Despite playing as a 3-4 defensive end, he's in the hunt for the sack title, tied in first place with only 3.5 sacks to go in order to attain the record. He's competing with 4-3 defensive ends and 3-4 outside linebackers, who usually rack up the best sack statistics.
He's already broken the record for 3-4 defensive ends, and looks to shatter it this year. Watt's season is unheard of, and should go down as the best season in 3-4 defensive end history.
Not only is he disrupting the passing game with prodigious sack numbers, he also leads the league in batted passes at 15, more than most cornerbacks have in their pass deflection numbers. Watt's intuition, intelligence and ability to read the play are nearly unparalleled, and his timing has allowed him to be a factor on a significant number of plays where he's been blocked out of disrupting the passer.
In addition to his sacks and batted passes, Watt also has the most hits (22) and hurries (25) of any 3-4 defensive linemen, and exceeds the pass-rushing prowess of most 4-3 defensive ends this year in pass rusher productivity—a measure of how often one pressures the quarterback per pass-rushing snap.
Running at Watt is a poor proposition as well, as he leads the league in defensive run-stop percentage—a metric developed by the folks at Pro Football Focus that measures how often a player in a running play records a defensive "stop" (defined as a failed play when running the ball). That is, he is not just better than other 3-4 ends, but every single player in every single defensive position, and it's not very close.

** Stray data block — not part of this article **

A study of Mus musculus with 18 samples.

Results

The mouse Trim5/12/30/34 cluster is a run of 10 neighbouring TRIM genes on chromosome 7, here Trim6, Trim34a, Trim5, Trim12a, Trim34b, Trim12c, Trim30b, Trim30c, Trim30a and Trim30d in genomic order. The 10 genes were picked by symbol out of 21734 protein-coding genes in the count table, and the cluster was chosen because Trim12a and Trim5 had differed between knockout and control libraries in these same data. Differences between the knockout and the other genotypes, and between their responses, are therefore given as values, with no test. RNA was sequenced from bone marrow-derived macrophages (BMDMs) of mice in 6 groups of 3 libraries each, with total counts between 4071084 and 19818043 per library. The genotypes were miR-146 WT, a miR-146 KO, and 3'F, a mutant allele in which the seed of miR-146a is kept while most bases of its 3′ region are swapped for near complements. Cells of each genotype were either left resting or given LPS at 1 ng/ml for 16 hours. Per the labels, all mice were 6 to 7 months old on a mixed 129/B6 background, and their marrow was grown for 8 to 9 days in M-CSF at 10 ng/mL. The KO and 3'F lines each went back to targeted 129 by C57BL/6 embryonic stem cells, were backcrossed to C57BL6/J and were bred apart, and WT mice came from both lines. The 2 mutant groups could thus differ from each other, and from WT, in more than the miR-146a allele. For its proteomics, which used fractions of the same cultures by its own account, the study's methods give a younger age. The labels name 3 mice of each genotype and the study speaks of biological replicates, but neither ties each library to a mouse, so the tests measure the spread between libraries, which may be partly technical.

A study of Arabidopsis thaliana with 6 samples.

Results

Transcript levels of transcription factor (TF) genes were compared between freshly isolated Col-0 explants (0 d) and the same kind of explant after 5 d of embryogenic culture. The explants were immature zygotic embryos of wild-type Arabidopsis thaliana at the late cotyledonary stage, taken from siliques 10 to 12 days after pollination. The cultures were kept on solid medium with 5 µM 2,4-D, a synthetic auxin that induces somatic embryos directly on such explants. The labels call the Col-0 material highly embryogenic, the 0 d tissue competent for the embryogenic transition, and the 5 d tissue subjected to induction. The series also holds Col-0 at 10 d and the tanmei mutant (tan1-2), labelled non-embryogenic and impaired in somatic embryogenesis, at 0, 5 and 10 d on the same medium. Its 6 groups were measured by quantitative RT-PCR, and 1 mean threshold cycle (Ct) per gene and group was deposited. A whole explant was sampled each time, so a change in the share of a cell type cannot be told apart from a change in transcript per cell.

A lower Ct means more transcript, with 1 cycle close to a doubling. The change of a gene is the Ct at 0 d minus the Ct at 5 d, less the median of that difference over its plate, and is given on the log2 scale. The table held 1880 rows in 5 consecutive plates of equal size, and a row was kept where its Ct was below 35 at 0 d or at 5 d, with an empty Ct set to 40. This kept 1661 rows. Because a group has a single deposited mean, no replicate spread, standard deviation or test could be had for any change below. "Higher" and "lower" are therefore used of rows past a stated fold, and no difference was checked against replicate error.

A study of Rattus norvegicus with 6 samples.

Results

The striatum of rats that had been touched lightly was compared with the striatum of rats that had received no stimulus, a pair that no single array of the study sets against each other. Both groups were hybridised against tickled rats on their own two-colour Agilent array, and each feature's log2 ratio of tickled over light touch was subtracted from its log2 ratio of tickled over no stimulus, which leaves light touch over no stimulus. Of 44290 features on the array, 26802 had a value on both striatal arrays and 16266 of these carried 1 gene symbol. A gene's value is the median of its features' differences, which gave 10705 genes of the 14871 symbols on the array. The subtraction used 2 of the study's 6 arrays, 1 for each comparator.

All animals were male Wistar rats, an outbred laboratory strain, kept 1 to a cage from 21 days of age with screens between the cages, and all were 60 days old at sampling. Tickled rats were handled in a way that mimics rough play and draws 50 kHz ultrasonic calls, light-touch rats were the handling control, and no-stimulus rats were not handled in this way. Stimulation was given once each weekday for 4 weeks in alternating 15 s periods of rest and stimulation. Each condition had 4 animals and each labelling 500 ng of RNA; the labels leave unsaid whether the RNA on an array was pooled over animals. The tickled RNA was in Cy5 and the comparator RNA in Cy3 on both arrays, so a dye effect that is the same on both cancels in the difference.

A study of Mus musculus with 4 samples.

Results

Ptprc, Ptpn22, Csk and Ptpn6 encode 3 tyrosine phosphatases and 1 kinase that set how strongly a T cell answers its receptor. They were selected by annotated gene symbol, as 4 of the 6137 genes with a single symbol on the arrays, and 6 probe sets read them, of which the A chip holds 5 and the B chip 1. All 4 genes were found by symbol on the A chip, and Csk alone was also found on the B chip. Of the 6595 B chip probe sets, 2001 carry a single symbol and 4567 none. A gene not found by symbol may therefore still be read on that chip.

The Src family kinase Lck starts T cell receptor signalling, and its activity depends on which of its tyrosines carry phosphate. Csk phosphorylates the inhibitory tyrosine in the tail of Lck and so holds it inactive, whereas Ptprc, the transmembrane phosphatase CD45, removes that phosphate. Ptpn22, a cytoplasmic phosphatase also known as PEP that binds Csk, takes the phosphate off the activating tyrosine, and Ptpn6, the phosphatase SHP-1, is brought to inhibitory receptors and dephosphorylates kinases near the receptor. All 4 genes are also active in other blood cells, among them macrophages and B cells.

The best 4-3 defensive ends will stop the run on just under 10 percent of their run snaps, while inside linebackers will generally stop at a rate of 14 percent at their best. Defensive tackles who do real damage stop opponent runs around 12 percent of the time, while strong safeties are big saviors in the run game, stopping plays at 14 to 15 percent, if they are elite.
J.J. Watt will stop the run on 18.7 percent of running downs, and the second-place Justin Smith—an elite end by all accounts—will record a stop on 11.7 percent of running downs.
Watt has a number of historical advantages for those playing in his system that make him extremely hard to contain. The first is that he'll play either two-gap defense or one-gap defense, but will usually attack a single gap, like a defensive tackle in nearly every 4-3 system. He will line up directly over an offensive lineman on many occasions and give a look that implies that he's willing not to penetrate, but merely handle the blocker in front of him, then will pick a gap immediately after the snap to attack it.
It makes him extremely unpredictable and hard to defend, especially because Watt has a preternatural ability to attack the gap that would best disrupt the play.
His second advantage is that Watt can play anywhere on the line. He usually lines up over the right guard (a 5-technique) but will find himself lining up over or outside either tackle or even occasionally right over center (called 0-technique). This allows him to hide tendencies in-game from other linemen while also focusing on weak links.
For the Vikings this means identifying where Watt is on every single down and having a plan for him. He can laterally attack gaps better than nearly anyone, making him difficult to trap, but he still generally relies on two moves—his prime pass-rushing move and a counter-move, both of which rely on his excellent use of hands and leverage.
Scheming around Watt isn't a bad idea, and the Vikings should be able to disguise their intentions in the run game with counters and pitches while protecting Ponder on passing downs by crashing down on Watt.